Kaide Gordon Liverpool 2021-22Getty Images

Believe the hype! Liverpool wonderkid Gordon has got Anfield buzzing

“Sometimes, you see players getting a lot of media attention,” begins Tom Clayton, with a smile. “Then, they come in, and you think ‘he’s not that good’...

“Well, Kaide is!”

Clayton is the captain of Liverpool’s Under-23s team, and the Kaide he is referring to is Kaide Gordon, the youngest member of it. He doesn’t turn 17 until October, incredibly, but the winger is already turning heads on Merseyside.


Eight days earlier, he’d scored at Anfield in a behind-closed-doors friendly against Aston Villa, where he had lined up alongside the likes of Jordan Henderson, Thiago Alcantara and new signing Ibrahima Konate.

The previous week, he’d started in front of 40,000 in a pre-season friendly win over Osasuna, where he had Roberto Firmino, Fabinho and Alex Oxlade-Chamberlain for company, among others. 

A January signing from Championship club Derby, Gordon has certainly made his presence felt since. He spent the whole of pre-season with Jurgen Klopp’s senior squad, will train with them regularly going forward, and is already being pencilled in for first-team action in the Carabao Cup this season. 

That’s how highly he’s rated.

“Kaide is only a young boy but he’s done ever so well since he joined the club,” Barry Lewtas, the U23s coach, said after Monday’s game. 

“He’s got a lovely knack for scoring goals, a real eye for goal. You can see the big potential he’s got. And he’s a really good kid, very mature for a 16-year-old.”


“You can judge people quite quickly,” says Clayton. “Whether it’s their passing or their first touch. 

“It was the same with Harvey [Elliott] as it was with Kaide. It was ‘wow, he’s got something special.’

“I try to stay away from him in training! It’s tough, because he’s got that bit of magic in him. I’m just glad I don’t have to play against him every weekend!”

Lewtas, for now, looks to be the coach who will benefit most from his emergence. Gordon will bypass the U18 set-up at Kirkby, splitting his training time between the U23s and the senior squad. 

“We’ve got a plan for him, from an academy point of view and a first-team point of view,” he says. “We certainly don’t want to hold him back. We want him to keep playing at the pace he’s playing, and improving at the rate he’s improving. 

“We want to keep turning the screw on him, and hopefully this season he’s a match-winner for us.”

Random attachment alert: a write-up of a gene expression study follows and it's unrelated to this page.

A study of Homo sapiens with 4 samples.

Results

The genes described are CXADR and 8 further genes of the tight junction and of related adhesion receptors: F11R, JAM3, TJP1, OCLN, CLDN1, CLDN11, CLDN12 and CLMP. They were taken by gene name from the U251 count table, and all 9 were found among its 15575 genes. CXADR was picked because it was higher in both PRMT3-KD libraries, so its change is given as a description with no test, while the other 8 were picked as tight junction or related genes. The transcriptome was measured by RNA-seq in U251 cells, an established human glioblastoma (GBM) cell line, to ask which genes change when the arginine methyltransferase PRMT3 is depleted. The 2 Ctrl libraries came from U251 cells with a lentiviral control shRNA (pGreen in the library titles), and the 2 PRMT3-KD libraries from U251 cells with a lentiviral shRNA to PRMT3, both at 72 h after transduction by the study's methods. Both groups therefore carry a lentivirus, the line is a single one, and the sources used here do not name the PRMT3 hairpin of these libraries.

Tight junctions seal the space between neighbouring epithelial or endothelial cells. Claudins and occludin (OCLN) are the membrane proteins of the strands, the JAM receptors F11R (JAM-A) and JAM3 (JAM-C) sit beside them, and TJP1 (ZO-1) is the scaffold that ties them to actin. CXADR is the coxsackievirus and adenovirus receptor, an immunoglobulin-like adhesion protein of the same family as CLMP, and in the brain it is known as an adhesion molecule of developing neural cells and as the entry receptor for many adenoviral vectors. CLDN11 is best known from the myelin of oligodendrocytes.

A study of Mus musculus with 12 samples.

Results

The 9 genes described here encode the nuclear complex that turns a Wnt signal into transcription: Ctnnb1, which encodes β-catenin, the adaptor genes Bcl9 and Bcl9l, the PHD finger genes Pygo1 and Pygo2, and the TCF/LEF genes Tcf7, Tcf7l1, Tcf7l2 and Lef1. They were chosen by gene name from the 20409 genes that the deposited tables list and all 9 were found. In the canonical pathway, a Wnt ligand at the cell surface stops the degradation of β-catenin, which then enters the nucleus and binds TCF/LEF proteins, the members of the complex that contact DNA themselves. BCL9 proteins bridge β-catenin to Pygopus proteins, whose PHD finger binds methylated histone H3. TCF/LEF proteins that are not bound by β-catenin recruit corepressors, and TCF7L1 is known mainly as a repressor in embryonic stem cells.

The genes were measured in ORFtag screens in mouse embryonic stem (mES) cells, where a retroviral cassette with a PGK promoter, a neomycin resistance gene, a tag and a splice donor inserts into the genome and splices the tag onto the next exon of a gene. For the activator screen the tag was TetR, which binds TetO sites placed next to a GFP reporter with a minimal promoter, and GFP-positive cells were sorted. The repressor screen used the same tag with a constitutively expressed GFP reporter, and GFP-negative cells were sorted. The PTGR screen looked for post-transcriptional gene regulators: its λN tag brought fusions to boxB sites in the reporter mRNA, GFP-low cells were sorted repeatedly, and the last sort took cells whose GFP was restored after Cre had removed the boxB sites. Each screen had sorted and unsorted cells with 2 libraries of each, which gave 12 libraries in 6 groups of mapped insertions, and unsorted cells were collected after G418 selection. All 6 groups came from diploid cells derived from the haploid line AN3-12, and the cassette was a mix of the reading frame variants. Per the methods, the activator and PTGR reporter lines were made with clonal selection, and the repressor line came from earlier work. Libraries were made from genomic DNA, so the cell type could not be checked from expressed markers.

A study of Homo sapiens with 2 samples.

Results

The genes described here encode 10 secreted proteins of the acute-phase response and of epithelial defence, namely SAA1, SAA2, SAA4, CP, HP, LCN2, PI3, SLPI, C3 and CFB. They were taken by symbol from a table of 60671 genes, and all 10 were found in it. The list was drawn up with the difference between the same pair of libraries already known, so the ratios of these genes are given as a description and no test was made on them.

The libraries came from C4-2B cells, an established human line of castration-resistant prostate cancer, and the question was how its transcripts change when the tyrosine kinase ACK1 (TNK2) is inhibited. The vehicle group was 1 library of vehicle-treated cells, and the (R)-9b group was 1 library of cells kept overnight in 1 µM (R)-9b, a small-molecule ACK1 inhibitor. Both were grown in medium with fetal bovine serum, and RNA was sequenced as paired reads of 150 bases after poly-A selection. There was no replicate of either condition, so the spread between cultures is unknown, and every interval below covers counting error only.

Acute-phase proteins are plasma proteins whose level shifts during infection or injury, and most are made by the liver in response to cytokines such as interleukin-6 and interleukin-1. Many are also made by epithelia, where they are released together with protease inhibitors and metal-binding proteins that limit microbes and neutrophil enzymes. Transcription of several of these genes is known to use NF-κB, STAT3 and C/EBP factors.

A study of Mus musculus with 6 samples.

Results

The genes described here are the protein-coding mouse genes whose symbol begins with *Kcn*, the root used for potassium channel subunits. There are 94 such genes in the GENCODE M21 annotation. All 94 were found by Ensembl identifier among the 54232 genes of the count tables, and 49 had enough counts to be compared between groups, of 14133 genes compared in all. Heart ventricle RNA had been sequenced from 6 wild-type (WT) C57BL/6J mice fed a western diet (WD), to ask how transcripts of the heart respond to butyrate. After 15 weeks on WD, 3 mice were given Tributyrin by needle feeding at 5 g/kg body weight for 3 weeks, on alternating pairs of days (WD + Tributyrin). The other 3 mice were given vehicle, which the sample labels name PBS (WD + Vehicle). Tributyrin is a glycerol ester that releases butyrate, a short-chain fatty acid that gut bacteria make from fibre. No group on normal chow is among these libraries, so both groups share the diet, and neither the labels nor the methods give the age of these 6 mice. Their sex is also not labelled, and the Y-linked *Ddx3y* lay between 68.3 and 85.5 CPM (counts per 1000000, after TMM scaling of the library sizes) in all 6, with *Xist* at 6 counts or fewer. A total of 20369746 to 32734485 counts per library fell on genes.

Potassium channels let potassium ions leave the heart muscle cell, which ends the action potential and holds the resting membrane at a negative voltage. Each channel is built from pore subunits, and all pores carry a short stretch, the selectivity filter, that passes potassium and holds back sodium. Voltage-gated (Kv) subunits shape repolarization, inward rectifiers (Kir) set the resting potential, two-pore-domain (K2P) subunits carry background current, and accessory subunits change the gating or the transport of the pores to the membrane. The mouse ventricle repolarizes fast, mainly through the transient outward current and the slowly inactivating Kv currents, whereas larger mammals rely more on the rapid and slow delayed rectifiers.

He certainly was against Everton, scoring Liverpool’s second goal in a 3-1 win that was more comfortable than the scoreline suggests.

Despite being on the end of a few heavy tackles, and despite the presence of other players with first-team exposure – notably Sheyi Ojo and Rhys Wiliams – Gordon looked a cut above; direct, dangerous and with a style that had the 1,400-strong crowd gasping at times.

It is telling that Lewtas, an experienced youth coach, is so willing to talk about Gordon's qualities.

Usually, the idea is to play down any hype or excitement, knowing just how tough it is for a gifted youngster to become an established professional, let alone one capable of playing for a club like Liverpool. The recent past is littered with examples of players who have not been able to live up to the big billing.

Gordon, though, feels different. Like Harvey Elliott, who made his first Premier League start last weekend, or like Trent Alexander-Arnold or Curtis Jones before him, he just seems to have that extra edge to his game. Even at 16, he knows who he is, and he knows where he wants to get to.

“There’s a lovely innocence and freedom to him," Lewtas says. “It’s our job to make sure we give him the ball as often as possible. 

“But he does play with a real maturity, he makes good movements in behind, he understands when to go 1v1, and off the ball he works really hard, but with intelligence in the way he presses and tracks.  

“We have to keep working on that because the games will get tougher. I’ve told him he could be a marked man at times. Maybe that’s something he needs to learn, how to avoid those tackles!

“But he doesn’t have any fear. He keeps running at players. [Being fouled] didn’t knock him. I don’t think anybody is going to kick him off the park – you’re going to have to come up with a better plan than that!”

Liverpool’s plan, meanwhile, is clear. Let the kid develop, and watch him shine.

Elliott may be the man of the moment, but he is not the only talented teenager waiting to explode at Anfield.